More than five years after 90.3 KUSF was taken off the air, its former staffers have succeeded in securing another FM frequency and will be bringing back its version of community programming to the radio.
Last Friday the Federal Communications Commission (FCC) selected San Francisco Community Radio (SFCR), a non-profit organization started by KUSF staffers, and San Francisco Public Press to run low-power FM stations inside city limits. The two organizations will have to share a frequency, 102.5 FM, but the decision means that, barring any appeals by groups that were denied licenses, the once influential San Francisco radio station will be back on the air.
KUSF was started in 1963 at the University of San Francisco (USF) as a campus-only, student-run AM station, until it was offered an FM station ten years later. It then became a noncommercial educational station, and its programming was shared by students and local residents, who mixed a wide variety of music with news and cultural shows, many of which were in other languages (Chinese, Polish and 11 others).
"We're serving parts of the community that haven't really had a broadcast outlet," SFCR treasurer Damin Esper said. "There are so many symbiotic relationships there. We broadcasted a show in Polish; where is Polish on the commercial or non-commercial radio dial now?"
The station began 24-hour programming in 1981, and would go on to receive several awards and recognition for its work, including having San Francisco Mayor Willie Brown declare April 25, 1998 -- the station's 35th birthday -- as “KUSF 90.3 FM Stereo Day In San Francisco.”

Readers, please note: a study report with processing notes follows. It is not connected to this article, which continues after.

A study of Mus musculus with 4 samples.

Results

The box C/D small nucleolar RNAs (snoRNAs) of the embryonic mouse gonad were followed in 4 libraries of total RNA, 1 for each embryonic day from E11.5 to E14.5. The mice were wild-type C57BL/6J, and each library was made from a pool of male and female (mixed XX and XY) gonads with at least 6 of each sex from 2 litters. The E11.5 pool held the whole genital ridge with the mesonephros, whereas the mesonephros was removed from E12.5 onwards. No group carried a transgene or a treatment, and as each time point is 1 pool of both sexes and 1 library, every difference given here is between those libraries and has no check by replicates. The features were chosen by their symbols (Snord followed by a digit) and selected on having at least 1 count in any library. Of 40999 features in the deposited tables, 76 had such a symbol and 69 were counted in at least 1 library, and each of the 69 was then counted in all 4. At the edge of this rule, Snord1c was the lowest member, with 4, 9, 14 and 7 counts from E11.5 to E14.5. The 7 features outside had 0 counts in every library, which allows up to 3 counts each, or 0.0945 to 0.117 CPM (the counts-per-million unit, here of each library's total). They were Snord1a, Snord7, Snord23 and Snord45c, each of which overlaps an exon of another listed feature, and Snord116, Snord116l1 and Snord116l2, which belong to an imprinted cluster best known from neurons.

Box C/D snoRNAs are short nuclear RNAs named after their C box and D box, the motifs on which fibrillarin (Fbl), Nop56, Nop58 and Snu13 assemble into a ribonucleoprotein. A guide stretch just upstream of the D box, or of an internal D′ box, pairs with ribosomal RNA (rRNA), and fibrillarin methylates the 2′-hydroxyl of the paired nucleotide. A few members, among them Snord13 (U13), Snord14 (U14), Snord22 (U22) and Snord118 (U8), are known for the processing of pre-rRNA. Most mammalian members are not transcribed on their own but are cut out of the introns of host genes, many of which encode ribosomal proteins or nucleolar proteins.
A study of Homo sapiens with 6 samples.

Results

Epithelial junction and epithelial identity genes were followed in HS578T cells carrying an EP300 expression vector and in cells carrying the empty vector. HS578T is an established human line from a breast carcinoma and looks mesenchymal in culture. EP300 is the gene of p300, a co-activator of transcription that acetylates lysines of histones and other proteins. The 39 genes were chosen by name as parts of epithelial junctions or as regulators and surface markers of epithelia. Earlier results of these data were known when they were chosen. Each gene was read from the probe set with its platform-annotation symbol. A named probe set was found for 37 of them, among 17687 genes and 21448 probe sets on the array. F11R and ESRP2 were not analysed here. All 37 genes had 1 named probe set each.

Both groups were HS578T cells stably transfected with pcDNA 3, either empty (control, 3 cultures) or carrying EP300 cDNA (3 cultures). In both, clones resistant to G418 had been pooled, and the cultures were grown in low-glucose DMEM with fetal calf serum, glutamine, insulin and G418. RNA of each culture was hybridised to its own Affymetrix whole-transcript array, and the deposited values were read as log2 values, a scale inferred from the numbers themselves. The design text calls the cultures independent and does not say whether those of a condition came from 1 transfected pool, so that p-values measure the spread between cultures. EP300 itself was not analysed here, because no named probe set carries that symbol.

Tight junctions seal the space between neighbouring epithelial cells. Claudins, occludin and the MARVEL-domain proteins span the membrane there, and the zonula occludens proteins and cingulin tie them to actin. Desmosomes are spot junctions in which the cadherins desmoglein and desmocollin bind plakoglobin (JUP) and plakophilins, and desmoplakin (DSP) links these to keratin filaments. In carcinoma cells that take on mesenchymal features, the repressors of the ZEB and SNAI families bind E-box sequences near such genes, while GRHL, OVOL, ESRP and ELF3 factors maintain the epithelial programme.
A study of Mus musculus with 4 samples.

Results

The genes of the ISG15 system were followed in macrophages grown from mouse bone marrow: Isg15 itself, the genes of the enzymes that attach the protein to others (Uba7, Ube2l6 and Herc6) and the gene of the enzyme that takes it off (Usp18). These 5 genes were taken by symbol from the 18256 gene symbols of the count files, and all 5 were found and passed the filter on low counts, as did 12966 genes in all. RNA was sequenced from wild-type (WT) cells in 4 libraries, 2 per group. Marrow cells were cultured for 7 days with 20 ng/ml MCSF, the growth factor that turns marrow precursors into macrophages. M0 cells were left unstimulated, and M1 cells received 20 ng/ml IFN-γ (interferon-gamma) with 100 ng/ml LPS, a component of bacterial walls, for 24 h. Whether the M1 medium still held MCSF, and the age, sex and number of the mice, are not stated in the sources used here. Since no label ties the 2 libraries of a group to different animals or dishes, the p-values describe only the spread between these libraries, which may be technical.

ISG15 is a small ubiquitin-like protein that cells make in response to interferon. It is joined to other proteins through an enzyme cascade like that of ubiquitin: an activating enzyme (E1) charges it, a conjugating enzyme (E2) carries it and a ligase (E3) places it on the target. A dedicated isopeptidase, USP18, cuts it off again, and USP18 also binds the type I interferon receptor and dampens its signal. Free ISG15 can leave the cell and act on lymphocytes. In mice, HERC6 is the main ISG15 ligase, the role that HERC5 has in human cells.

KUSF was suddenly taken off the air back in January of 2011 after USF sold its license to a University of Southern California-owned corporation that runs classical stations. KUSF's old frequency is now occupied by KDFC, the "Bay Area's listener-supported classical radio station."
Former KUSF staffers fought the sale but lost, yet they kept the programming alive with an online station called "KUSF in Exile." Then in 2013, the station applied for a FM license and after three years, a decision was in their favor.
Now the two groups -- SFCR and San Francisco Public Press -- have until July 22 to determine which group will air at what times and if they don't, the FCC will decide for them. They will also have two years to set up a transmitter and raise funds for all the new equipment, which is a challenge since the signal won't reach far beyond the city limits.
"We aren't going to get millions of people listening but we're going to hit some groups that aren't franchised by broadcast radio anywhere else, and that's kind-of the intent," Esper said.
Correction: This article originally stated that the SFCR and San Francisco Public Press had two years to decide on what times their programs would air -- they actually only have until July 22. They have two years to begin broadcasting.